Action News spoke with a viewer who recently was targeted by a secret shopper scam.
Many companies hire more people for the holidays. But before you sign up to make some spending money, keep reading.
"Out of the blue, I get this package, and it looks very official," said Paul K. of Bear, Delaware.
It was sent via U.S. Postal Service by priority mail.
"The minute they delivered it, I got a notification on my text immediately saying, 'Hey, glad to see you got the email package. You got the priority package,'" he said.
But Paul does believe six months ago he responded 'yes' to an email inquiry asking if he wanted to be a secret shopper.
Inside the package were directions to do it and a check for $1,900.
"The check looked very official," he added.
It was supposedly money for his first "Secret Survey assignment," which was supposedly a customer service evaluation tool from Whole Foods.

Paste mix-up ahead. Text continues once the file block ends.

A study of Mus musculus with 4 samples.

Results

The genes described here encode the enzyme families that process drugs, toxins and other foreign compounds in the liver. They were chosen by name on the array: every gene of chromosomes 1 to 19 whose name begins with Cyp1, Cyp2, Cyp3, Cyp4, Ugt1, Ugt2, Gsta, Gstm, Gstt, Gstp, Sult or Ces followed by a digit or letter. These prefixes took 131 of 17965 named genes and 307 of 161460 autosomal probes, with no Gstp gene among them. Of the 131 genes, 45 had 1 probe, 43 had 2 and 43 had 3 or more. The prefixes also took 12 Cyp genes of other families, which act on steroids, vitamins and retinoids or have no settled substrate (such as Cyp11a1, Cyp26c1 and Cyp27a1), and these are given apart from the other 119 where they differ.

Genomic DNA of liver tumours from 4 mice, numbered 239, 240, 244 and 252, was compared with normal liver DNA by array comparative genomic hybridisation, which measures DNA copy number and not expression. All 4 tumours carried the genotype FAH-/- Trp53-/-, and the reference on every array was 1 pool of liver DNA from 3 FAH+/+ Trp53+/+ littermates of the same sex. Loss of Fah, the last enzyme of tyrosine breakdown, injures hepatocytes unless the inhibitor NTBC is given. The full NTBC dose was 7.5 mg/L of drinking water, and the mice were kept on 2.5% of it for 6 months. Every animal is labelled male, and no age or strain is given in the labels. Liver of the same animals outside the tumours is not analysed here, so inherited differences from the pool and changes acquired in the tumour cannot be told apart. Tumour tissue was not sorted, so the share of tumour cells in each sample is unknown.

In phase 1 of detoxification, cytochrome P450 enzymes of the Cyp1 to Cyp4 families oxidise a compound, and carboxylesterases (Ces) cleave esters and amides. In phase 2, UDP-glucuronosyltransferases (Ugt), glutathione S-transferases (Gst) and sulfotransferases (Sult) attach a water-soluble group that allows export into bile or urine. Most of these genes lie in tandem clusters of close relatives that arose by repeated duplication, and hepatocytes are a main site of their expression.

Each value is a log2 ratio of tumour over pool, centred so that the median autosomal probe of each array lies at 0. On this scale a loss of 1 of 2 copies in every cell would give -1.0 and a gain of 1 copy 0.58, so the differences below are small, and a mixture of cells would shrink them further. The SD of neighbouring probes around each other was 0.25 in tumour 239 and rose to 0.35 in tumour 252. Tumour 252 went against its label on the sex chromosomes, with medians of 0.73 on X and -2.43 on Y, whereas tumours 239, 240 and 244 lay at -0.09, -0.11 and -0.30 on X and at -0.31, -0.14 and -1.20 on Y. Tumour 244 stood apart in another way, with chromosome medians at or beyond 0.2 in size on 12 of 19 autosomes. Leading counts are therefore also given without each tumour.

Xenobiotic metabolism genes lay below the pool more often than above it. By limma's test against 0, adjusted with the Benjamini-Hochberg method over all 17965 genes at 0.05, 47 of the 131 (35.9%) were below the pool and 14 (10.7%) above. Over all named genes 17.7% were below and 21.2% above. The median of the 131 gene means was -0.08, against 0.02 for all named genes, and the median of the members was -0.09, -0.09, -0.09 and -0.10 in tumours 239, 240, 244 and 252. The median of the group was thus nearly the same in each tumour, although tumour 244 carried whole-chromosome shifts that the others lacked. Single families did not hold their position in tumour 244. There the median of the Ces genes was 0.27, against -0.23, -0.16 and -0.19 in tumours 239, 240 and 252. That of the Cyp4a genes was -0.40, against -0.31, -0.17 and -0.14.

But then Paul saw that the instructions were a red flag.
The instructions prompted Paul to deposit the check, deduct his payment of $450, then immediately buy a visa gift card with the rest and email the account info along with his report.
"Trying to get you to draw money on your account," he said.
Fortunately, Paul didn't cash the check or fall for the scam, but others have. The Federal Trade Commission has put out an alert about warning checks like this are fake, and once the bank realizes it, it will want the money back, which means you will be out that money and the funds you spent to buy the gift card.
So do not respond to offers like this. Just report it to the FTC.
And if you've already cashed a fake check and sent money to a scammer, contact the card issuer right away and ask if it can refund your money.
Meantime, Whole Foods said it "does use mystery shoppers but will never ask that person to buy prepaid gift cards, provide a check, or wire money as part of the job or for survey participation."